Shunning has a negative connotation for some very good reasons. It has been a form of punishment for centuries, most often used in religious organizations when people were accused of not following the doctrine. Shunning was a way of formally rejecting and isolating those who were seen as being different and nonconforming.
Shunning may have a severe emotional or social impact on the individuals being shunned. The emotions for them may be intense and are most often associated with rejection and alienation. These feelings can become incapacitating and lead to anxiety and depression in severe cases. Some people have even gone to the extreme of taking their own lives to avoid the feelings.
In an attempt to see the other side of the proverbial coin, I wanted to identify some of the positive consequences of being shunned in this day and age. Shunning continues to happen in churches, families, and organizations throughout the world. How can we apply a learning mindset to this historically negative experience?
I have experienced shunning throughout my life, most often from my dad. My relationship with him throughout my adult life has been a series of on-again and off-again periods. The off again is when have I experienced the shunning. There have been extended periods of time when we did not communicate with each other.
I remember that when this started, I was somewhat shocked by the experience. After my parents divorced when I was ten, my relationship with my dad became very strained. It only got worse as I grew into a teenager filled with resentment for him for divorcing my mom and breaking up our family.
I remember he came to my high school graduation, and it felt very awkward seeing him after about a three-year period of silence. It gave us the opportunity to reconnect, and I ended up spending a summer with him and his family. I felt like an outsider with people whom I was related to.
I felt exasperated at being there when I wanted to be back home with my new boyfriend. I talked with my stepmom about being gay and being in a new relationship, and in time my dad found out as well. I barely remember anything about how that talk went. I do remember that my dad was very disappointed in me, and there was a sizable shift in our relationship that has never been repaired.
I learned about myself during those shunning periods, which served me each time they happened with my dad with other people in my life. I was grateful for the lessons but not for the hardship that I had to endure to learn the lessons. I was able to find some positive consequences of the shunning experiences the more I reflected on them.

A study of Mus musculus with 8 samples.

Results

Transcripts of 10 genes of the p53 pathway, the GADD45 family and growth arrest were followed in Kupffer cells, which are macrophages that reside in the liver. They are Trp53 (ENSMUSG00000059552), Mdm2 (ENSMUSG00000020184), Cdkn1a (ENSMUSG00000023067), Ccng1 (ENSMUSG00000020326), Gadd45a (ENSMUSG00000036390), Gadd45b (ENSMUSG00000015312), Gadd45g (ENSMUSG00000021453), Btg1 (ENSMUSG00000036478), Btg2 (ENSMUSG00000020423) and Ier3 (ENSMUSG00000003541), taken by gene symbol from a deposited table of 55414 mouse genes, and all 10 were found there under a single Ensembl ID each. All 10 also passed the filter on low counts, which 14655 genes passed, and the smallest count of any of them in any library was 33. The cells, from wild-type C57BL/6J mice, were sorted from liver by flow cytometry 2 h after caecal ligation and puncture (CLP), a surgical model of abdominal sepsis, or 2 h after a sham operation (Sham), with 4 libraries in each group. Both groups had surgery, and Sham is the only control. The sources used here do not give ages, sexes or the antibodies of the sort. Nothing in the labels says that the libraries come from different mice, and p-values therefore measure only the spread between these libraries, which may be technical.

While I only highlight three positive consequences here, there are certainly many more that could be added. It is important to have a growth mindset with anything perceived as negative because it will allow for a more balanced understanding of the experience and situation.
Firstly, it is possible for an individual who is being shunned to gain more self-confidence through the experience and process. With an open mindset, it is possible to see the situation that led up to the shunning more clearly. The responsibility that belongs to each of the parties involved in the shunning can be clarified with self-reflection and meditation.
Secondly, individuals who are being shunned can build more confidence in themselves when they see clearly what is theirs and what belongs to others. This can happen when the emotions of the situation are processed and removed. Gaining confidence as a result of being shunned is a significant way to transmute the experience altogether.
Thirdly, when individuals are shunned, they have the opportunity to explore how to become stronger in their other relationships. They can build on the things that make them a good person while accepting the flaws that may have contributed to them being shunned in the first place. The saying, ‘that which does not kill us makes us stronger,’ is clearly applicable in the context of shunning.
It is possible to be shunned and feel proud. When individuals are able to set boundaries for themselves while they are being shunned, it shows a tremendous amount of willpower, and that is cause for celebration.
Shunning gives individuals the opportunity to enjoy more time with people who love and accept them. It also gives them a chance to remove stress from their lives by eliminating harmful thoughts—the very opposite effect from what is associated with shunning.
My own experiences with shunning have involved both positive and negative consequences. I have had enough experience with it over the years to grow from it. While I would not wish it anyone, I think it is meaningful to share a different perspective on shunning that focuses on the positive. I am not suggesting that my experience with shunning is the norm or that it should be your experience. Part of my healing is focused on seeing it from both sides. In some ways the shunning I experience with my dad now is more intense than ever before, and yet I have developed the self-awareness, self-confidence, and maturity to live in harmony.
I recognize that shunning is similar to grieving in that it must be experienced individually, and there are no right or wrong ways to go through it. No one has the right to judge another for how he or she experiences shunning. In the end, shunning shows us ways to grow as a person and who not to associate with in our lives.